Novel digital device to detect heart murmurs

A US-based paediatric team from Children’s National Medical Centre in Washington DC partners with Shaikh Khalifa University

Image Credit: Dr Raj Shekhar
The device was developed Dr Raj Shekhar and his team at the Children’s National Medical Centre in Washington DC in partnership with Shaikh Khalifa University.
Gulf News

Dubai: An innovative digital device developed by the Shaikh Zayed Institute of Paediatric Surgical Innovations at the Children’s National Medical Centre (CNMC) in Washington DC, USA, is proving to be very effective in detecting heart murmurs in infants.

The institute at the CNMC is funded by the Abu Dhabi Government with a $150 million (Dh550.5 million) grant and supports health-care developments and innovation for children. A missed heart murmur can prove fatal for a child in some cases and early detection will facilitate early intervention.

What are heart murmurs?

The device developed by Dr Raj Shekhar and a team of doctors at CNMC had the partnership of the Shaikh Khalifa University on this project. Explaining the physiology of murmurs and the need for such a device, Dr Shekhar told Gulf News: “A heart murmur is an ‘extra’ sound riding over the ‘lub-dub’ sound of a beating heart. Fortunately, most heart murmurs in children are innocent, and Still’s murmur is the most common of all innocent murmurs. Pathological murmurs, on the other hand, are the murmurs caused by true heart defects. Missing a pathological murmur can have serious consequences including morbidity and mortality. Approximately 1 in 2 children develops Still’s murmur during their growing years. Furthermore, the incidence of Still’s murmur is almost 50 times higher than the incidence of all pathological murmurs combined.”

Early detection can save lives

Dr Shekhar explained the working of the device in simple terms. “The heart murmur device technology is both novel hardware and software. Using technology the device converts a standard stethoscope into a digital one by plugging it without the earpiece into a smartphone. Next, a signal processing algorithm (technique) developed by our team is used to distinguish whether the murmur is innocent (meaning normal) or not. The algorithm takes less than a minute to identify a murmur and is being further accelerated to execute in near real-time (a few seconds).”

Once approved by the relevant authorities, the device to be used by paediatric cardiology experts will help screen infants and streamline immediate health care for their condition. “The device could serve as a valuable teaching tool and help doctors develop auscultation [listening to the internal sounds of the body] skills. And, it will save the family anxiety, due to the wait time of referral to a cardiologist, to discover whether the murmur is innocent or not,” said Dr Shekhar.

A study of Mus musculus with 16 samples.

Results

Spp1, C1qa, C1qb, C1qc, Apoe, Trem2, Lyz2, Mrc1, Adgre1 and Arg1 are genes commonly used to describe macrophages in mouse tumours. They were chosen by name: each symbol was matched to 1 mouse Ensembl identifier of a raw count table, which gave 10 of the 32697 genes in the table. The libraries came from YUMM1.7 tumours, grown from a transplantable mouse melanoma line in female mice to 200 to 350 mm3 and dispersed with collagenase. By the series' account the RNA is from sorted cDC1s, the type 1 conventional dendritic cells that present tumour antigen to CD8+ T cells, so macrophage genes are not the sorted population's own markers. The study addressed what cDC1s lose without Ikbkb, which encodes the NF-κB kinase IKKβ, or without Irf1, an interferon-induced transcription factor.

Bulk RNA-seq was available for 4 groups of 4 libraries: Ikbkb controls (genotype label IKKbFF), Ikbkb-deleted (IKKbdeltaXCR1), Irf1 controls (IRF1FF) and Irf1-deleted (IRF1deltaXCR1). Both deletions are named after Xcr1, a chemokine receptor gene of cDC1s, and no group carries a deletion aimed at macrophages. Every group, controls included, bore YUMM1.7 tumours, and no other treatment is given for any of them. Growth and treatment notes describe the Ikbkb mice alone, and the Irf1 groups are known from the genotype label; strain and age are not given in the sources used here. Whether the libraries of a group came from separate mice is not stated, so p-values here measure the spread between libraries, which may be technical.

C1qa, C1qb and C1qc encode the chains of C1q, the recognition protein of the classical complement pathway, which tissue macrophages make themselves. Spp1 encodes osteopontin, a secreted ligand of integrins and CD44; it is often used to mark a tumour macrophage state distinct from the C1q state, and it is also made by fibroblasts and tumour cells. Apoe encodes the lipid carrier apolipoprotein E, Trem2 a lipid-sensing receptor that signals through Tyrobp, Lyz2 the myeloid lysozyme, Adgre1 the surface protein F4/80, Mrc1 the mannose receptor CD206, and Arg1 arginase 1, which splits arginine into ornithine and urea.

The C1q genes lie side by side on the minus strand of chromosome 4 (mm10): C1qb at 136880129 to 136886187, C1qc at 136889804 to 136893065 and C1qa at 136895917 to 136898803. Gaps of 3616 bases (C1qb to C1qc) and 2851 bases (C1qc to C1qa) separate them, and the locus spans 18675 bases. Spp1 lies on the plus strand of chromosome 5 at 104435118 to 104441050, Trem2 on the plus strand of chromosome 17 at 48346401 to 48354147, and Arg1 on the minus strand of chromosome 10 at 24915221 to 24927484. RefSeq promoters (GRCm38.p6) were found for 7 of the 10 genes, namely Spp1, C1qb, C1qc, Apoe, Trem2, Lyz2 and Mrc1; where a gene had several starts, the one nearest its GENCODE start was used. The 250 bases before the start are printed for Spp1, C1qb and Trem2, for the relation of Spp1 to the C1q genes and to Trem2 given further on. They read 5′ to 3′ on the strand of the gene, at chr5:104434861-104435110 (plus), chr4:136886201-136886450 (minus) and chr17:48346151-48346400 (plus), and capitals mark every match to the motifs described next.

A successful team effort

Dr Shekhar credited the successful development of the device to the team of CNMC paediatric cardiologists.

“The development of the device and the underlying technology is based on the clinical insights of our medical collaborator, Dr Robin Doroshow, a prominent paediatric cardiologist at CNMC, Dr Doroshow sees many patients with innocent heart murmurs, referred by general physicians, each week. Therefore, she suggested that we develop this system to help diagnose heart murmurs. The current development was also made possible through the engineering talent available within the Shaikh Zayed Institute for Paediatric Surgical Innovation, thanks to our partnership with the people of the UAE.”

He added that CNMC and Khalifa University have had a longstanding collaborative relationship that has helped develop novel technologies for paediatric cardiology care such as foetal heart rate monitoring and foetal echocardiography. “The heart murmur analysis device builds on this productive research partnership and benefits from a large body of prior cardiac signal processing work. We have been working with Dr Ahsan Khandoker, a Biomedical Engineering faculty at Khalifa University and a foetal cardiology and cardiac signal processing expert. Dr Khandoker is advising the team in optimising both the hardware and software aspects of the device.”